Hitler’s Final Resting Place is Hidden Beneath an Ordinary Parking Lot
Time for a bit of weird car news. Adolf Hitler met his demise in a location currently marked by one of the planet’s most nondescript, boring locations. What was once known as the Führerbunker and the central location of the last five months of Hitler’s Nazi regime is nothing more than a basic and unimpressive parking lot. In this location, Hitler died by suicide, laying to rest the rumors that the evil dictator still lives.
So, here’s a look at the gravesite of the world’s most notorious dictator and his contributions to the automotive market.
Elaborate underground protection for Nazi superiors
The location where Adolf Hitler took his own life was built below the New Reich Chancellery. The bunker was initially intended to be a temporary air-raid shelter for the top Nazi brass. According to Jalopnik, the bunker was an elaborate complect with two different levels. As the Allies increased bombings of Berlin, the complex changed from a temporary shelter into a permanent shelter.
The two levels of the complex were the Vorbunker, the upper bunker, and the Führerbunker. The Vorbunker was built in 1936, and the Führerbunker was constructed in 1943, with the latter located one level below the former. The location was built to sustain Hitler and his administrative and support staff for months. This became where the Nazi leadership spent nearly five months in 1945.
On the morning of May 2, 1945, the Soviets stormed the Fuhrer’s bunker and met a few remaining Nazi generals who surrendered. In addition to these would-be POWs, the Soviets found dozens of dead bodies and burned documents. Among the dead was Adolf Hitler, who, it appeared, had died by suicide.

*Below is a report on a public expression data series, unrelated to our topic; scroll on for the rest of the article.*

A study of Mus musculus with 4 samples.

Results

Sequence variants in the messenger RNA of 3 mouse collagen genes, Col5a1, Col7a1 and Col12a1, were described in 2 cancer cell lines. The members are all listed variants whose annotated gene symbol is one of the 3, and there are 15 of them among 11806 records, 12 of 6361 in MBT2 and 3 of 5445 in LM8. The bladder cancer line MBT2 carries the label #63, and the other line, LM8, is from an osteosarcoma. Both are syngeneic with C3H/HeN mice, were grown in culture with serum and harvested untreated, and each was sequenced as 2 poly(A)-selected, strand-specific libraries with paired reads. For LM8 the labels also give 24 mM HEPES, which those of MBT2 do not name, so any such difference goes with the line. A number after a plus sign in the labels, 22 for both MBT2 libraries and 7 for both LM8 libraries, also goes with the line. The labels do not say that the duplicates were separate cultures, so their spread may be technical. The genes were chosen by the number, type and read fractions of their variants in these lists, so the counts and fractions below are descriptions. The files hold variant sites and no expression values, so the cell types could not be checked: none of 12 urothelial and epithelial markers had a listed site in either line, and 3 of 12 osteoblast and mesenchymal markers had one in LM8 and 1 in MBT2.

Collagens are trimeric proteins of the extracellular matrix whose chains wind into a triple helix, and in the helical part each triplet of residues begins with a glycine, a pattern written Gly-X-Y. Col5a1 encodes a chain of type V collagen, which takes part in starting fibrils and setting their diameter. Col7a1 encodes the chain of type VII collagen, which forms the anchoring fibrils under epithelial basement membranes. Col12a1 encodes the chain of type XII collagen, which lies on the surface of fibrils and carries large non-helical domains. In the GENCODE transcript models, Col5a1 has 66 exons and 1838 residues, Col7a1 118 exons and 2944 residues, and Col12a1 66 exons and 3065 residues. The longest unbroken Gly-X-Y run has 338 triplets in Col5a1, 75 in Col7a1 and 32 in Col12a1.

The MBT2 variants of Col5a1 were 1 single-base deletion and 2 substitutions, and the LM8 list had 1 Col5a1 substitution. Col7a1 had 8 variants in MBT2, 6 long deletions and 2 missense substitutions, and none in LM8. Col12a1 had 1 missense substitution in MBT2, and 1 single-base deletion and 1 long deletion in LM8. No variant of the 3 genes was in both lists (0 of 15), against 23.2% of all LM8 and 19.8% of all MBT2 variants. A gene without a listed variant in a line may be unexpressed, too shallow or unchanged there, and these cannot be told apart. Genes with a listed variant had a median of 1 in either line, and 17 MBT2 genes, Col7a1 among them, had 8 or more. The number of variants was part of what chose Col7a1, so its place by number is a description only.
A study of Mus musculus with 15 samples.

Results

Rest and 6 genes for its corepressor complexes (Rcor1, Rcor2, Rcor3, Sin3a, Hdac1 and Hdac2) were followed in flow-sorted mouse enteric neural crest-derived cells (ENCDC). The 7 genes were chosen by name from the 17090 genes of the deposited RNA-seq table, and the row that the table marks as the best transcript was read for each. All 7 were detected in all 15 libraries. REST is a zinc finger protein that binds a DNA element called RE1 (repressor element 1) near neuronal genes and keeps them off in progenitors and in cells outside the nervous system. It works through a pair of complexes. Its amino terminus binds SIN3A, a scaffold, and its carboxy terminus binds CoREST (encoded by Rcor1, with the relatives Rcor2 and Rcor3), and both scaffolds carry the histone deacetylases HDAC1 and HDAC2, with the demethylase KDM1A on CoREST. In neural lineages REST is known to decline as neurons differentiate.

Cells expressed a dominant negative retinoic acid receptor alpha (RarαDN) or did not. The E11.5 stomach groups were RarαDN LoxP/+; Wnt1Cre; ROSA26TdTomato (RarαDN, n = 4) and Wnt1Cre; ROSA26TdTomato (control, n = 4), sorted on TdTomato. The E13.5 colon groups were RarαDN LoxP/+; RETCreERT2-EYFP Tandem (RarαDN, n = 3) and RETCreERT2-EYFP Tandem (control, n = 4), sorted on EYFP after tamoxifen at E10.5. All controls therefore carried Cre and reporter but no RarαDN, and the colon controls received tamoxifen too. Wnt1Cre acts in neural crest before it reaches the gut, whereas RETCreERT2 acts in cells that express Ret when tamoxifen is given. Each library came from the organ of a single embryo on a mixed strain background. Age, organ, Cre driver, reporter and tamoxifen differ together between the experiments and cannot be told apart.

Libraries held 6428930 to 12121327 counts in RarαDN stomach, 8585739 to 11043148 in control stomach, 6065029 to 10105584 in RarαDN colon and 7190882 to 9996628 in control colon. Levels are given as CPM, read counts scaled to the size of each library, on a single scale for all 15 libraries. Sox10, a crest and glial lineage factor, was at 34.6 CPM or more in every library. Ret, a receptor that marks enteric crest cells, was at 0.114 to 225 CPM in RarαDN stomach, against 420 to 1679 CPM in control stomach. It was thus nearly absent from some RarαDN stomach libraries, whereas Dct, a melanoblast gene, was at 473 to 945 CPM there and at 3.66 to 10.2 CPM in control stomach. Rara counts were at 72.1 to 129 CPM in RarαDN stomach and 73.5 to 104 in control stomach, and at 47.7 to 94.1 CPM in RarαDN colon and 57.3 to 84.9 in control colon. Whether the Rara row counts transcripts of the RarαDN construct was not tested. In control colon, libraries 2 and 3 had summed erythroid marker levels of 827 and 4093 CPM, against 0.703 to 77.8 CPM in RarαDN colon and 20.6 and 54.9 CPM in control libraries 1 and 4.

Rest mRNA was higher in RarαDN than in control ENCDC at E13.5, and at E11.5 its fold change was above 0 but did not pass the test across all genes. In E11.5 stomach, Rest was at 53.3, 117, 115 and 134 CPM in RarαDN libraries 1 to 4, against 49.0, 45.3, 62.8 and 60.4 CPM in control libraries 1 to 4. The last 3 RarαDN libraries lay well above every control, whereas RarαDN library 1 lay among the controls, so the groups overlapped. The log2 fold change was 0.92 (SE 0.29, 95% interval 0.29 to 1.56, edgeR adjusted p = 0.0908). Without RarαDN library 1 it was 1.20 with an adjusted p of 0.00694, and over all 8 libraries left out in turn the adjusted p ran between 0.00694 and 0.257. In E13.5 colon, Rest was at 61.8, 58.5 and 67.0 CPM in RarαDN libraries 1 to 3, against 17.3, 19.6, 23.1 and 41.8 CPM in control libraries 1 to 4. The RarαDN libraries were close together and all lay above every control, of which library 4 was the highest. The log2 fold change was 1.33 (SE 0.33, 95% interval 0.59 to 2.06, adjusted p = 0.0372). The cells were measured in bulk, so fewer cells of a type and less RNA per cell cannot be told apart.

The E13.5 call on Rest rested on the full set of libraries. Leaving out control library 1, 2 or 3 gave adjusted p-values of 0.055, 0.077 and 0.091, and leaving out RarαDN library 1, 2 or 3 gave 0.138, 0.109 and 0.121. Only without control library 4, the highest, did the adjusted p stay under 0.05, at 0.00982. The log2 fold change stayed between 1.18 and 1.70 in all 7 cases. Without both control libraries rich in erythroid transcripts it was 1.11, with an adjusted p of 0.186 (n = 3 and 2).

The bunker survived through the years
The East German Government attempted to blow up the bunker in 1959, but this action had little effort behind it. The Führerbunker is located close to where the Berlin Wall once sat, making it a virtual no-mans-land location. During the construction of homes and buildings in the area, most of the bunker was destroyed, but some small sections remain.
In June 2006, just before the World Cup began, the German government acknowledged the location of where Hitler killed himself. This meant the idea of Hitler fleeing to Argentina was gone, dispelling rumors of his possible survival.
Adolf Hitler teamed with Ferdinand Porsche to create the VW Beetle
Ferdinand Porsche was a genius in the automotive world, which made him the perfect engineer to create Hitler’s vision of a car for mass production in Germany. The two paired up to bring us the Volkswagen project, but there was more to this project than simply a car.
DW.com tells us that Hitler announced a “people’s motorization” at the 1933 auto show, which took place shortly after he was named Reich Chancellor. Not long after, Porsche was tasked with building a car under the “strength through pleasure” motto. This car was the earliest Volkswagen, but it became a car suitable for military purposes as much as for personal use.
The Beetle put distance between Nazi Germany and Volkswagen
Adolf Hitler was instrumental in bringing the Volkswagen name to the public, which is some automotive history many are unaware of. The Beetle distanced its reputation from the Nazi leader and his regime after the war. The first VW Beetle hit the roads in December 1945, with the one-millionth model following only 10 years later. The Volkswagen Beetle quickly became one of the most successful cars in history, and Hitler’s influence was soon forgotten.
The VW Beetle became a symbol of rebirth and success for Germany, which was war-torn and under the influence of the most evil man in the past century for far too long. Eventually, more than 22 million Beetles were produced and sold globally, many symbolizing freedom of expression and fun.